The blogosphere and twitterverse are returning back to normal after a day of protests about internet regulation: the focus returns to concerns about a US preemptive war against Iran. Yes, there are folks out there beating the drums for war, making arguments today that seem very similar to those made in 2002, except the threat now ends in an "N" and not a "Q".
Should we be that worried about a deliberate, pre-emptive strike to take out the Iranian nuclear facilities? I have long argued with a friend about exactly this topic. She had some basis to go on while the Bush crowd was still in office (although I kept winning the bet since even the Bushies were not stupid enough to launch yet another war in the Mideast). But now? Given how deliberate Obama was about increasing the number of troops in Afghanistan a couple of years ago--even though that did fulfill a campaign promise, I doubt that he has any enthusiasm for a war against Iran.
Yes, sending a few carriers to the Strait of Hormuz is a significant move and threatens Iran some, the goal there is to maintain a traditional American position: to sail through any and all straits as international law allows (which is why the US and Canada see the Northwest Passage differently).
That is different from starting a process (air strikes) that would have limited utility and plenty of 2nd and 3rd order effects (consequences). It is pretty clear that air strikes would not destroy Iran's nuclear capabilities (they learned to dig deep and to diversify). So, the strikes would make some folks feel good, but not achieve any real objectives besides pushing us further down the slope into war.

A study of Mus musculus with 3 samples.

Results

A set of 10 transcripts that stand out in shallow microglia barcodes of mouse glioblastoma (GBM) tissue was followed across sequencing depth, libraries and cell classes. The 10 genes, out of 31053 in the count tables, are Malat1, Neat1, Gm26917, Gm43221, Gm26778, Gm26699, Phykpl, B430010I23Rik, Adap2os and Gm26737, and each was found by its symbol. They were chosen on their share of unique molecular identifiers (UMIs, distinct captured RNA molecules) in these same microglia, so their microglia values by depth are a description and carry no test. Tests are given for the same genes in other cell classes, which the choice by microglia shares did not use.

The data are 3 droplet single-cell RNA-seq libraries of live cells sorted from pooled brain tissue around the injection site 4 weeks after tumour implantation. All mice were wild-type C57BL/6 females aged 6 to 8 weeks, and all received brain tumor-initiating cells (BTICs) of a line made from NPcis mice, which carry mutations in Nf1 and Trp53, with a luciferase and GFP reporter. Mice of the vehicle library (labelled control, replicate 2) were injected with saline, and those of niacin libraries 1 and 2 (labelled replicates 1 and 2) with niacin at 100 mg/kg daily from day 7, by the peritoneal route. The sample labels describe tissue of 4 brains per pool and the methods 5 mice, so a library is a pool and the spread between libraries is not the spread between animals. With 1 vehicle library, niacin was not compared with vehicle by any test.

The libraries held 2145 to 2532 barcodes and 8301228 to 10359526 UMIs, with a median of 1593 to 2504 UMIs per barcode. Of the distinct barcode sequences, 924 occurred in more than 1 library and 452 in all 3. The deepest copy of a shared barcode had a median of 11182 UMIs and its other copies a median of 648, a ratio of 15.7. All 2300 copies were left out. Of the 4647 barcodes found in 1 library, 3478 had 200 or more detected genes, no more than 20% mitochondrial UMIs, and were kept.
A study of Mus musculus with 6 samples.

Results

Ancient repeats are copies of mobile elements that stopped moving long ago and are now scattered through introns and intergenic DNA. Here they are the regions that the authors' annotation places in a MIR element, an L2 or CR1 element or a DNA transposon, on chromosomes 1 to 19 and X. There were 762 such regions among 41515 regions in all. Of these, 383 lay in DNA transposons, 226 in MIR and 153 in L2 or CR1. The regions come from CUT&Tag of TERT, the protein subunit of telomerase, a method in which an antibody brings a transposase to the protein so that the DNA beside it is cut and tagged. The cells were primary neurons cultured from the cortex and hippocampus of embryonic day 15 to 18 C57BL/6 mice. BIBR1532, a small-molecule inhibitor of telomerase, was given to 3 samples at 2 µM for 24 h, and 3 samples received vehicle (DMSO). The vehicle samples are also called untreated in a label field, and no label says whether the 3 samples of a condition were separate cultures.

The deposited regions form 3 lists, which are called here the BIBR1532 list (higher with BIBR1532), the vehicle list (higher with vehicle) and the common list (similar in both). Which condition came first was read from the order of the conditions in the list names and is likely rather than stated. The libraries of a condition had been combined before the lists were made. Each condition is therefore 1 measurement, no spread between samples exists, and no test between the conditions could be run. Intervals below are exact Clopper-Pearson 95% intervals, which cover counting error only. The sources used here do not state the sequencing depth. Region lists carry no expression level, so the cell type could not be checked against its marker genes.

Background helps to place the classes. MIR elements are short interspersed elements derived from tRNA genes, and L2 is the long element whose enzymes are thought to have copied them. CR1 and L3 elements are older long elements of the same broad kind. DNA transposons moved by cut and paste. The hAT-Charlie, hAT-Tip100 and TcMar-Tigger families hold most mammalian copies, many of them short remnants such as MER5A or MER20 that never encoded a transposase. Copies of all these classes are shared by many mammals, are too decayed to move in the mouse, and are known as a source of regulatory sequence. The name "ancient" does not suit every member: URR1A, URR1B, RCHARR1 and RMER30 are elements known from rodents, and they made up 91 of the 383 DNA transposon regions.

And the thing people who fear a US attack seem to be forgetting: IT IS AN ELECTION YEAR! Another war in the Mideast would certainly cause oil prices to spike, setting back whatever progress has been made in the US recovery and probably tip the ever-instable Euro situation into a total disaster. What does Obama know about American politics? "It is about the economy, stupid!" as the Clintonites emphasized.
Could the concern about the political consequences of the economic side-effects be overwhelmed by other domestic political pressures? Sure, if there were folks who might vote for Obama who cared about Iran over everything else. But is there such a constituency? Such a huge group of voters that would be matter more than those who would either vote for the Republicans or stay home if we have a re-appearance of staglation thanks to an Iranian-related oil crisis? Obama is not Jimmy Carter. More importantly, he is after Jimmy Carter in this timeline, so he can learn from what happened before.
I have had no conversations with the folks around Obama, but I just cannot see any domestic political reason to attack Iran. I can see heaps of reasons not to. If the Republicans want to attack Obama on foreign policy, I think that would be their mistake. Obama has kept the promise to get out of Iraq (thanks to the Iraqi domestic political dynamics--not wanting to appear to be in bed with the occupiers), he ramped up and then down in Afghanistan, he gave the orders to take the risky step of killing Bin Laden, he supported at relatively low cost the NATO effort to abet regime change in Libya, and so on. If the Republicans want to consider him weak on foreign policy, good luck with that.
So, while I can imagine a shooting war breaking out over ships and boats bumping into each other in the Strait of Hormuz (unless all Iranian ships and boats need rescue rather than just many), I do not think it is at all likely that the US will launch air strikes or more than that anytime in the near to medium term.